For Immediate Release
AAAI announces newly-elected Fellows
July 13-17, 2008 Hyatt Regency McCormick Place
June 16, 2008
8:00 AM Pacific Time
Menlo Park, Calif.
Each year a small number of distinguished AI researchers are elected AAAI Fellows by the membership of AAAI for their unusual distinction in the profession and for their sustained contributions to the field for a decade or more.
The following individuals join an elite cadre of many outstanding individuals in the AI field. (For a complete list of AI Fellows please see http://www.aaai.org/Awards/fellows-list.php.)
Yoav S. Freund, University of California, San Diego
For significant contributions to machine learning including the development of practical boosting algorithms.
Maria L. Gini, University of Minnesota
For significant contributions to coordination and competition in multi-robot and multi-agent systems, for leadership in the AI community, and for inspiring the next generation.
Lydia E. Kavraki, Rice University
For significant contributions to the field of automated motion planning and the development of widely used probabilistic search algorithms.
Tuomas Sandholm, Carnegie Mellon University
For significant contributions to the foundations of multiagent systems and computational game theory, pioneering work in combinatorial auctions, multiagent preference elicitation, and automated mechanism design, and principles and large-scale application of electronic marketplaces.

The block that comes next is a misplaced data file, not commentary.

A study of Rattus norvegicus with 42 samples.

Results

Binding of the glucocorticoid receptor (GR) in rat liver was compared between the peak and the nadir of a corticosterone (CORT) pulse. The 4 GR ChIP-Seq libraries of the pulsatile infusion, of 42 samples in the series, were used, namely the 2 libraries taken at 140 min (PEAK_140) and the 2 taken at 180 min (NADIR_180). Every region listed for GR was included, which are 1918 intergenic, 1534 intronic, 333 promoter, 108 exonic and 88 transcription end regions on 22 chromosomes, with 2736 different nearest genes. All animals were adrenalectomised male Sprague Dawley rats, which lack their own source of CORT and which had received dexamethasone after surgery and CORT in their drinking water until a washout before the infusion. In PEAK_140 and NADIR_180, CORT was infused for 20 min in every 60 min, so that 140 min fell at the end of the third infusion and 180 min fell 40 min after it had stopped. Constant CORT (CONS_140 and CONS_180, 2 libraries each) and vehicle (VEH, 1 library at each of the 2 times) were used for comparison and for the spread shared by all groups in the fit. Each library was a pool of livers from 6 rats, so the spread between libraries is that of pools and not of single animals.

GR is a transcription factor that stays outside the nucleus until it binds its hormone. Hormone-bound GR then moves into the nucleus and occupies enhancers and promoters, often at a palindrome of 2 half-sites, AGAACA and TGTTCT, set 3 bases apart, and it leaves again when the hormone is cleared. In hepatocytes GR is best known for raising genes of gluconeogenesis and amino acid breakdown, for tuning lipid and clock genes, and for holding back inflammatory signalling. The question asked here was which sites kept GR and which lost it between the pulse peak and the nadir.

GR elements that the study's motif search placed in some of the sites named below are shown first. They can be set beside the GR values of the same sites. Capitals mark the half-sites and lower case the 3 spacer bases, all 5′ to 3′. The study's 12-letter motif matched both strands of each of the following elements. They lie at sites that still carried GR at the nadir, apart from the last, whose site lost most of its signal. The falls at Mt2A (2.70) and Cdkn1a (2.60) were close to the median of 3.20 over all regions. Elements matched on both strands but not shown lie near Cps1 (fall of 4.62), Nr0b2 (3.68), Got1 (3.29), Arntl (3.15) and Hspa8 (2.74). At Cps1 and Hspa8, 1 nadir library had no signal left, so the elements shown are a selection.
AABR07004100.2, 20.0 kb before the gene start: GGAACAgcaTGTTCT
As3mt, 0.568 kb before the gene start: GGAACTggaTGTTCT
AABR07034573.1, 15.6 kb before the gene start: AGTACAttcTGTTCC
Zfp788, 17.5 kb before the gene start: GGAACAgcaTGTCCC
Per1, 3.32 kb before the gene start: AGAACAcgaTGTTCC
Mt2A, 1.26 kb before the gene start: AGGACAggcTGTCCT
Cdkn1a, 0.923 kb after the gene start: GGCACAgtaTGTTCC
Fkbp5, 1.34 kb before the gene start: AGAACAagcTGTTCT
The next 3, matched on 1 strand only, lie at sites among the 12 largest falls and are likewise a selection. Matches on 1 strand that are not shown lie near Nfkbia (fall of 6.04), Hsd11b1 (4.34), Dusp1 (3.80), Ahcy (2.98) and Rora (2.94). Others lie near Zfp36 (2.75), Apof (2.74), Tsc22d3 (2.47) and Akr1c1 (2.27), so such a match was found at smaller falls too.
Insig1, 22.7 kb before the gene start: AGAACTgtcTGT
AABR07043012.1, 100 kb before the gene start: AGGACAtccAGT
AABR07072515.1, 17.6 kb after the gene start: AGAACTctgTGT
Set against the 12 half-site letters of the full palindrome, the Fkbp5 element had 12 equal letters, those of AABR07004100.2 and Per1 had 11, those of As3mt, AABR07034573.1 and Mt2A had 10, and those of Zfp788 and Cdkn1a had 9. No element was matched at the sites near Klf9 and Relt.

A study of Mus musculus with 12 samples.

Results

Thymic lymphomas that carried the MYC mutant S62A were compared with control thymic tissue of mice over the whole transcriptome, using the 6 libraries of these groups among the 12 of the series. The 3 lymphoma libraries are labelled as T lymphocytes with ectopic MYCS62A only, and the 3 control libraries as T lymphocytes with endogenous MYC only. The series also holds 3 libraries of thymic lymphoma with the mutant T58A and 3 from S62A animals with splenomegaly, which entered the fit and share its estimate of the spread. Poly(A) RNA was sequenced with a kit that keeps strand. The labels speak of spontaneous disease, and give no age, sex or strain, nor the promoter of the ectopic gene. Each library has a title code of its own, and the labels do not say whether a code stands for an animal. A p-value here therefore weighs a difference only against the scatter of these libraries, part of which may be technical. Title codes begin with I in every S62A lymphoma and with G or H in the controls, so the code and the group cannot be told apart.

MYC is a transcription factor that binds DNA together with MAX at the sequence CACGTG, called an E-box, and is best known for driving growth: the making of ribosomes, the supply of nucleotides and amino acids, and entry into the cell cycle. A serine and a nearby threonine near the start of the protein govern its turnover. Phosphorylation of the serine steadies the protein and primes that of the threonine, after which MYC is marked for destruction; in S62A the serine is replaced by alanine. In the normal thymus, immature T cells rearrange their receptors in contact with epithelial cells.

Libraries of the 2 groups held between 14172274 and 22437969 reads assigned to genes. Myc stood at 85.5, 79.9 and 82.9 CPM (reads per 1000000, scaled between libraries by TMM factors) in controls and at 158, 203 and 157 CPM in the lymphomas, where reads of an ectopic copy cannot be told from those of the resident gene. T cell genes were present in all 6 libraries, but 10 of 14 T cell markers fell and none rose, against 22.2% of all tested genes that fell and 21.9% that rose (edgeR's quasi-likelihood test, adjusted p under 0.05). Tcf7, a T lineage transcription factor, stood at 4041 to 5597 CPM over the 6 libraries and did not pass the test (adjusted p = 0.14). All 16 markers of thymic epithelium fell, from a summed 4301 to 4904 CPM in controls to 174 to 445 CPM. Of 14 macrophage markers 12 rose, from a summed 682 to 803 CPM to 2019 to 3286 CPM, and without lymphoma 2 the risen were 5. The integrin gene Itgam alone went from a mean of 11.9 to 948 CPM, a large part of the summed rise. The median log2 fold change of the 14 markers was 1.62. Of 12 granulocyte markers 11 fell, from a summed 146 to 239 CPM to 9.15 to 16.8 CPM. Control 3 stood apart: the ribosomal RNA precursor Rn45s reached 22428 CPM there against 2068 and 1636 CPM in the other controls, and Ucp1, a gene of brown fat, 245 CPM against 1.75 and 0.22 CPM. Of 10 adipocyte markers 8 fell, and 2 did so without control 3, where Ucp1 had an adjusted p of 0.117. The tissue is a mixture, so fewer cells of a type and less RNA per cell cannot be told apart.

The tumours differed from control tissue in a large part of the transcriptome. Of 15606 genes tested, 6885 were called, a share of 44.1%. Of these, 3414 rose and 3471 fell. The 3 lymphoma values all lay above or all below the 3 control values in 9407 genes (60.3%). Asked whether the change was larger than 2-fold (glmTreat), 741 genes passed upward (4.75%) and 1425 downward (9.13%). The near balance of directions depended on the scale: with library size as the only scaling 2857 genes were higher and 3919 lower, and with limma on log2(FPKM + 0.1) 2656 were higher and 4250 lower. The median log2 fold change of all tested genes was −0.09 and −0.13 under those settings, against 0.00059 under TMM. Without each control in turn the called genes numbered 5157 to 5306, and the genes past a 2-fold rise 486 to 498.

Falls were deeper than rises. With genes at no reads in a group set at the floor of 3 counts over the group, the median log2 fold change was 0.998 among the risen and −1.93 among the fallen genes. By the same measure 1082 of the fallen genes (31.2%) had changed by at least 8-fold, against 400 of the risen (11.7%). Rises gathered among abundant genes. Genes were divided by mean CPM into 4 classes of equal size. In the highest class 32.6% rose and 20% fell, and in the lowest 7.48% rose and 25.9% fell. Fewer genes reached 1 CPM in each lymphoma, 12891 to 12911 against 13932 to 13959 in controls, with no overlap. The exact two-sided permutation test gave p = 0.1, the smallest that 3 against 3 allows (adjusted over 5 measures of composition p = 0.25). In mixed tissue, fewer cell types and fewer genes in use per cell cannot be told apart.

Peter van Beek, University of Waterloo
For contributions to temporal reasoning, backtracking search algorithms, and constraint programming.
Toby Walsh, NICTA and University of New South Wales
For significant and sustained contributions to automated deduction and constraint programming, and for extraordinary service to the AI community.
Brian C. Williams, Massachusetts Institute of Technology
For significant contributions to model-based reasoning and autonomous systems, and the innovative application of AI to space exploration.
Michael John Wooldridge, University of Liverpool
For significant contributions to logical foundations and complexity analysis of multiagent systems, including formal theories of teamwork and agent-oriented software engineering.
An official dinner and ceremony will be held in their honor during the AAAI-08 Conference (http://www.aaai.org/Conferences/AAAI/aaai08.php) in Chicago, Illinois this July.
Founded in 1979, the Association for the Advancement of Artificial Intelligence (formerly the American Association for Artificial Intelligence) (www.aaai.org) is a nonprofit scientific membership society devoted to advancing the science and practice of AI. Its mission is to: (1) advance the scientific understanding of the mechanisms underlying intelligent thought and behavior, (2) facilitate their embodiment in machines, (3) serve as an information resource for research planners and the general public concerning trends in AI, and (4) offer training for the current and coming generations of AI researchers and practitioners. The Association sponsors a number of conferences and workshops each year.